As you’re all well aware, the story about the dispute between the County Board and the Mayo GAA Foundation continues to rumble on, with the questions raised by the latter set to be discussed at the next Board meeting, which is scheduled for this coming Wednesday evening.
At the same meeting next week, the barely credible no-show by Mayo GAA at last weekend’s Special GAA Congress in Cork will also, one imagines, be a hot topic of conversation. While the two issues are separate and distinct, their coincident occurrence suggests a linkage, one that, in turn, speaks to a wider concern. This relates to the pressure many voluntary officials within the GAA are coming under at the present time, a time of immense change in the organisation.
A piece in the Irish Independent earlier this week by Donnchadh Boyle (here) picked up on this theme. While our travails have got plenty of exposure in the national media of late, we’re far from the only county feeling the heat in relation to our off-field operations. The huge jump in costs and revenues facing County Boards everywhere this decade, along with increasing complexities in dealing with things like health and safety at sporting events, management of sponsorships, corporate governance and more, have placed an enormous burden on unpaid, voluntary officials.
Issues facing County Boards everywhere have changed out of all proportion in recent years, in particular for that small band of counties – ourselves included – who have striven to keep pace with the 800 lb. blue gorilla that enjoys seemingly limitless financial resources and has none of the money worries that keep the rest awake at night. But despite all this change, the same County Board structures – which worked okay in more benign times of old – are being asked to oversee a radically different and more challenging environment.
We’re not markedly different in this respect compared to many other counties. Our structures haven’t changed, we still largely do things – for good and ill – the way we always did. But what has changed for us in the last decade is that on-field our performance levels have shot up. That hugely welcome development from a playing perspective has injected into the system a whole new range of requirements that have had to be administered, resourced and supported. That this has at times proven to be a challenge shouldn’t be seen as a surprise: it would have been a greater shock if it hadn’t.
At the core of all this flux – not just in Mayo, but right across the island – is a push-pull between the amateur ethos in which the GAA is rooted and the brash, commercially-minded approach at the top – both on the field and off – which is straining to shift the GAA’s axis towards a world where money talks, and loudly. At club level, the GAA still exists pretty much in the same way as it always did – and in every parish it continues to be the glue that helps to stick this country together – whereas at inter-county level the march towards professional standards and structures has become all but unstoppable. It’s still one organisation but it’s now a machine with different parts moving in diametrically opposite directions.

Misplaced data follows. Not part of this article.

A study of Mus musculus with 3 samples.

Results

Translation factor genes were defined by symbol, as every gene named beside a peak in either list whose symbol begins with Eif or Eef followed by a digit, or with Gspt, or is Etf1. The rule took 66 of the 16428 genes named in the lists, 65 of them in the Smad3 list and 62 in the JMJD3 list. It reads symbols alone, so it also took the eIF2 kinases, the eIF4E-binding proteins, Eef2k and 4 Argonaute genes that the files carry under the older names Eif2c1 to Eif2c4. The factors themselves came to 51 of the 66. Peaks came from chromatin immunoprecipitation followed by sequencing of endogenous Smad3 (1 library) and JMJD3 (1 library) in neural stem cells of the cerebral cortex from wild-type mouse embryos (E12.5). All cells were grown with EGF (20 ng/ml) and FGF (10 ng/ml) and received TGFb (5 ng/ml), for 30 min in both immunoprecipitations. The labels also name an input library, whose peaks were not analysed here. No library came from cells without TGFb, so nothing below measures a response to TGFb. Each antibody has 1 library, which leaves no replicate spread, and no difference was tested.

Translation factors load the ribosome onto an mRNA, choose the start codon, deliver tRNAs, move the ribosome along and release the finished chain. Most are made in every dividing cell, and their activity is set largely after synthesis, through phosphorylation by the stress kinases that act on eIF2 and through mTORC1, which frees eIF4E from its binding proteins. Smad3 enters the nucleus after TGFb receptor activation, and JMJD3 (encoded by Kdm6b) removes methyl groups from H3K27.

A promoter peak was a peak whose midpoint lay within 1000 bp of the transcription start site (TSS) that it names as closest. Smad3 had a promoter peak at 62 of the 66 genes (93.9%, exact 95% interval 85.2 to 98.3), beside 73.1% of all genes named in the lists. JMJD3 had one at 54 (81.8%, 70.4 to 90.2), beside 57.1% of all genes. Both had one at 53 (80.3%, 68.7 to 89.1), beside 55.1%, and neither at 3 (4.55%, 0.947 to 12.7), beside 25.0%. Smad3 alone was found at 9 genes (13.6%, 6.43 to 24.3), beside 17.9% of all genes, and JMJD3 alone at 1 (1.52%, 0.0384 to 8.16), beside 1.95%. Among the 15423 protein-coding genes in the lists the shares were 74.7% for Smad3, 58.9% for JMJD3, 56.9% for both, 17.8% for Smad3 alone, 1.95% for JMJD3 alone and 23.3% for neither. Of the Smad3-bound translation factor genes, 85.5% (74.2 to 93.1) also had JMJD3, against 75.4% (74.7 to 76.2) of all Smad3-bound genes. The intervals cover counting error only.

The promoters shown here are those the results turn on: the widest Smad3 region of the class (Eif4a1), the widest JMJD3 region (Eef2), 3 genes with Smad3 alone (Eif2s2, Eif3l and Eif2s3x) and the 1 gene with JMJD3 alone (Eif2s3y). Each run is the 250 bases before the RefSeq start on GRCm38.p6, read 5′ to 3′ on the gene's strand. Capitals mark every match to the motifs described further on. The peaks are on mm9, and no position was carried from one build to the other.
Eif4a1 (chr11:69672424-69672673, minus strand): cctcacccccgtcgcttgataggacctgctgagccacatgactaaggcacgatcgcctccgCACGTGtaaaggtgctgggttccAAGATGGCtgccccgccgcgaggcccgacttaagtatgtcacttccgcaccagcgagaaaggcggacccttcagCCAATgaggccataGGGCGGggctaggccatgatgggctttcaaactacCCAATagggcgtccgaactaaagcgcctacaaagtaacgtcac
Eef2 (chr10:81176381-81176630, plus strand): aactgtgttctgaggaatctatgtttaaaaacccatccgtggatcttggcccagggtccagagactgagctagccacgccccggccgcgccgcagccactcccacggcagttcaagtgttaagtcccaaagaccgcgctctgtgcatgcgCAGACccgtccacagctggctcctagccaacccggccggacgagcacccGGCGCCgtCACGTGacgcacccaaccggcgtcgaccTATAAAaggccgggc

It’s a tussle that threatens to pull the GAA, as we all know it, asunder. How far will professionalism go? How far, indeed, should it be allowed to go? How can the voluntarism that has sustained the GAA for well over a century be expected not just to survive but to underpin and support all this professionalism and its attendant demands? Will this voluntarism be sufficient to ensure that clubs keep running? What about the volunteers elected to serve on County Boards?
It’s at County Board level where the two opposing trends within the GAA today come face-to-face. The elected Board Officers are answerable to the clubs – this is, after all, still a democratic organisation – but it’s the inter-county game that’s box office, which means it’s also the insatiable beast that needs constant feeding.
Because of this, County Boards up and down the country are straining under the weight of responsibility thrust on them. Most are doing what they can to support their clubs, while having to look to these same clubs – as well as any other sources of funding they can lay their hands on – to pay the bills that keep coming in. All the while not forgetting about whatever day jobs and personal lives they might happen to have.
It has all the appearance of a powder keg. Mike Connelly said so himself – in that Indo piece linked above, he’s quoted as saying that “officers today are under serious pressure just to keep the whole show running” and that much of their time is spent firefighting.
The current concerns within Mayo GAA are, I believe, at least in part a symptom of this wider problem facing the organisation nationally. Sure, the particular dispute facing the County Board needs to be sorted – and my view has always been that quiet diplomacy is the best way to do this, as the megaphone rarely triumphs in this sphere – but it also needs to be recognised, from the top within the GAA, that County Boards across the whole island need help and they need it urgently.
If John Horan were better able to read the pulse of the organisation he currently heads a bit more accurately, it’s this unfolding crisis he’d have turned his attention to rather than the vanity project which got approval at the Special Congress down in Cork last weekend. In retrospect, maybe our county not being represented there could be viewed as an apposite metaphor for all that’s out of whack within the GAA right now.